On Sunday last, I was sorting out a box of organ music that clutters up the floor of my music room. I was putting things into some kind of order – all the green Novello 'Bach' scores, the Edition Peters 'Pachabel' and a motley collection of Herbert Howells and Percy Whitlock. Towards the bottom of the pile I found two volumes of the OUP publication 'Easy Modern Organ.' I can recall buying these some thirty odd years ago in the hope that I would be able to impress my friends and more importantly a girl-friend with something a bit more ‘spikey’ than the Henry Smart and Caleb Simper that always seemed to be lying around the organ loft.
There was only one piece I could get my feet and fingers round- and that was Alun Hoddinott’s Intrada. Looking at this piece again brought a lot of memories back from all those years ago. I had recently heard this composer’s radio opera The Beach of Falesa on the wireless and I had been impressed. I had attended a performance of the Sonata No. 6 for Piano by the same composer at the Purcell Room. And here was a piece of organ music that sounded impressive – even on the small two manual church organ that I regarded as my own!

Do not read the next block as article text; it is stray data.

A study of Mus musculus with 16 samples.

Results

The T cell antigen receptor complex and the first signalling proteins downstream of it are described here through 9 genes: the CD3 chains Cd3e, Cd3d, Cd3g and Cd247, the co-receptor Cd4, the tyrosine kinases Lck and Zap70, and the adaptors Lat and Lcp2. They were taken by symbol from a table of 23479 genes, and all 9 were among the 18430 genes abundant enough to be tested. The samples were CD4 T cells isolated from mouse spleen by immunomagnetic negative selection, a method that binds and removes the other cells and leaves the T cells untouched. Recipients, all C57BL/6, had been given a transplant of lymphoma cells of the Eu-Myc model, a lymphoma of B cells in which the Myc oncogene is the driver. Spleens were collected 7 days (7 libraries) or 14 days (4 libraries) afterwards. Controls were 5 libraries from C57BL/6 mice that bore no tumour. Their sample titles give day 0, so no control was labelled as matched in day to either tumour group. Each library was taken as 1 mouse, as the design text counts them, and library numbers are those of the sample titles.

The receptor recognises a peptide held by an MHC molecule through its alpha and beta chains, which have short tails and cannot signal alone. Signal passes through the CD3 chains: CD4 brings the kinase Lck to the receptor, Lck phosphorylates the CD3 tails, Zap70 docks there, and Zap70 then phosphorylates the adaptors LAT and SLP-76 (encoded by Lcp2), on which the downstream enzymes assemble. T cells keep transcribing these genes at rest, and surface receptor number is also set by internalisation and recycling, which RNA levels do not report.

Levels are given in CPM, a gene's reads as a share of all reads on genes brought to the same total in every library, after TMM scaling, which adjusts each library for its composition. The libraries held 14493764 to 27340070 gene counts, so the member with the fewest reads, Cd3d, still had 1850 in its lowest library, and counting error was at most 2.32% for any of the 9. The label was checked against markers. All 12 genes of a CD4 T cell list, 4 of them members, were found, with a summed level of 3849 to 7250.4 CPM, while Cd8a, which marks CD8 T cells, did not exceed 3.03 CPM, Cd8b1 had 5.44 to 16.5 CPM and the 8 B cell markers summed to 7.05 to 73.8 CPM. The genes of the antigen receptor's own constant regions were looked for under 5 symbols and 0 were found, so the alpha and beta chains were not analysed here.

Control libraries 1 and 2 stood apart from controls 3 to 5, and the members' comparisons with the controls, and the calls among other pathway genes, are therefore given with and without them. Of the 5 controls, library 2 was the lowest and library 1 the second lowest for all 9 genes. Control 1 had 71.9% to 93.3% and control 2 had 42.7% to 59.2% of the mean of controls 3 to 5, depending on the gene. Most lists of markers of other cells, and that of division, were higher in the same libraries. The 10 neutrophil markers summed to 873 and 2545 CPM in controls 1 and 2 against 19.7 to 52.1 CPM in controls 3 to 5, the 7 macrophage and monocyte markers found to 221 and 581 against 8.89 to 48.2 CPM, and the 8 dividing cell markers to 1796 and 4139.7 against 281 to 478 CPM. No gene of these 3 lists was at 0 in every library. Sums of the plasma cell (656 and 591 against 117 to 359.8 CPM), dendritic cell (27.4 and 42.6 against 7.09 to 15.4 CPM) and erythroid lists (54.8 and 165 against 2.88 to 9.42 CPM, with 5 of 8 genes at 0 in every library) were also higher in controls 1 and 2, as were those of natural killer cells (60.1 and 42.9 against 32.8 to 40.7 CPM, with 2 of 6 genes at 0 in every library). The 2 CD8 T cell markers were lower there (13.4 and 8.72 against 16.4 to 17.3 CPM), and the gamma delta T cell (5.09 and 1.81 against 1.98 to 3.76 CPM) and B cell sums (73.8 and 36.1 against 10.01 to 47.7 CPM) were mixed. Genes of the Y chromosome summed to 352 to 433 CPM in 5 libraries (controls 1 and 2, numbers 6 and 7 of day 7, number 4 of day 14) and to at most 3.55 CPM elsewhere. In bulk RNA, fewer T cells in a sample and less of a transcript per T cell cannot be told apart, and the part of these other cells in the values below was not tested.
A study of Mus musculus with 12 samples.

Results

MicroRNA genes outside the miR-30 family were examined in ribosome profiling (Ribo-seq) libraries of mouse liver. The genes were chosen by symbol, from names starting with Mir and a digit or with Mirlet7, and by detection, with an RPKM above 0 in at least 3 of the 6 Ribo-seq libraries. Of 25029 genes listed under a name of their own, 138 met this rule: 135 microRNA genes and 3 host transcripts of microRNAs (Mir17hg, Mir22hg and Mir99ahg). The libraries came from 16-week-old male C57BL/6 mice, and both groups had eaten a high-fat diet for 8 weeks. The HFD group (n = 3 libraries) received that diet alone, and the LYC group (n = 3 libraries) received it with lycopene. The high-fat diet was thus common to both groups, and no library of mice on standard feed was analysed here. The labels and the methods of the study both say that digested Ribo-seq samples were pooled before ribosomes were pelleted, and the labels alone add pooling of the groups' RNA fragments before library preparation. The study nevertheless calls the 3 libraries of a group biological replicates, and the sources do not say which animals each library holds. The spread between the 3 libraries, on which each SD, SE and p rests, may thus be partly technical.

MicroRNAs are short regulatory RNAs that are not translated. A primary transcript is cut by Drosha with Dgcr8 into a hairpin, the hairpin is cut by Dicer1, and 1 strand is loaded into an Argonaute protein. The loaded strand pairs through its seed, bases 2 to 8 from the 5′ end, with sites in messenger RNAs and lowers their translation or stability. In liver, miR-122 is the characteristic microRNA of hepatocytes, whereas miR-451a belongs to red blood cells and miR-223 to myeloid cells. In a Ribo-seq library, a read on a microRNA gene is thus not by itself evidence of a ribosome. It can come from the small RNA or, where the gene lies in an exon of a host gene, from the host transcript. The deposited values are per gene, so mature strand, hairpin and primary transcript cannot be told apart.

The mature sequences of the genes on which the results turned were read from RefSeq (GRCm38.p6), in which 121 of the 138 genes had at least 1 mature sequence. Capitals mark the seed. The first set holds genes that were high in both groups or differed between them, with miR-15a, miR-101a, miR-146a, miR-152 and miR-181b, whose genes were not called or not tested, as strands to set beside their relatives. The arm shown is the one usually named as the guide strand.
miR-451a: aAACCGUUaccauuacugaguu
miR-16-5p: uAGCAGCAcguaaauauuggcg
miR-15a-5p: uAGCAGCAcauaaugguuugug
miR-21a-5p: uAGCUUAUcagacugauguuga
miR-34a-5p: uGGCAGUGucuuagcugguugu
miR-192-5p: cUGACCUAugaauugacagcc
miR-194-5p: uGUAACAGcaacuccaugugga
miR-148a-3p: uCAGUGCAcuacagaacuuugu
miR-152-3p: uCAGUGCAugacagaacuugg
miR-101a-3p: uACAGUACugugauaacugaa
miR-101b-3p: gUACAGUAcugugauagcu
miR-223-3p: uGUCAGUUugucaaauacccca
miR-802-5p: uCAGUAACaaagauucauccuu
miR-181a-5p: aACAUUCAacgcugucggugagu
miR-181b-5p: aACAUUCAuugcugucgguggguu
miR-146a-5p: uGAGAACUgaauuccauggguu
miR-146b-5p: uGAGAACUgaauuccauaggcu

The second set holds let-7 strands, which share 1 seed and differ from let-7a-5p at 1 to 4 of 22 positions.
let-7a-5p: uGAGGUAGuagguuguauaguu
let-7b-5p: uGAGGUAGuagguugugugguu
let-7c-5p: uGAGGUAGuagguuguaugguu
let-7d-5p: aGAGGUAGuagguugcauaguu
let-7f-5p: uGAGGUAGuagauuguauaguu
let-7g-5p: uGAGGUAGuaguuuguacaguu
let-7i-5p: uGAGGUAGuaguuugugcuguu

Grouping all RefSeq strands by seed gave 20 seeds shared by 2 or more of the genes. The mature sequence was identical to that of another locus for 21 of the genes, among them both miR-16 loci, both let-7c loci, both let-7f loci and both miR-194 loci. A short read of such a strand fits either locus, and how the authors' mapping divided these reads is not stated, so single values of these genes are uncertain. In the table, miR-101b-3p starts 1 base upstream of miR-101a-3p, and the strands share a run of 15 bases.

I tried it out at an evening service - and no one was really impressed. “ A bit too long-haired for our age, laddie.”
I played the work through on the piano – and it came back to me nice and easy. I thought of the composer, so recently dead and promptly sat down and listened to a CD of his great Second Symphony. But that is another story
For the completist, the Intrada was composed in 1967: it has an Opus number of 37 No.2 and was first performed at Cambridge on 15 July 1967. The organist of the day is not known. It does not appear to have been recorded.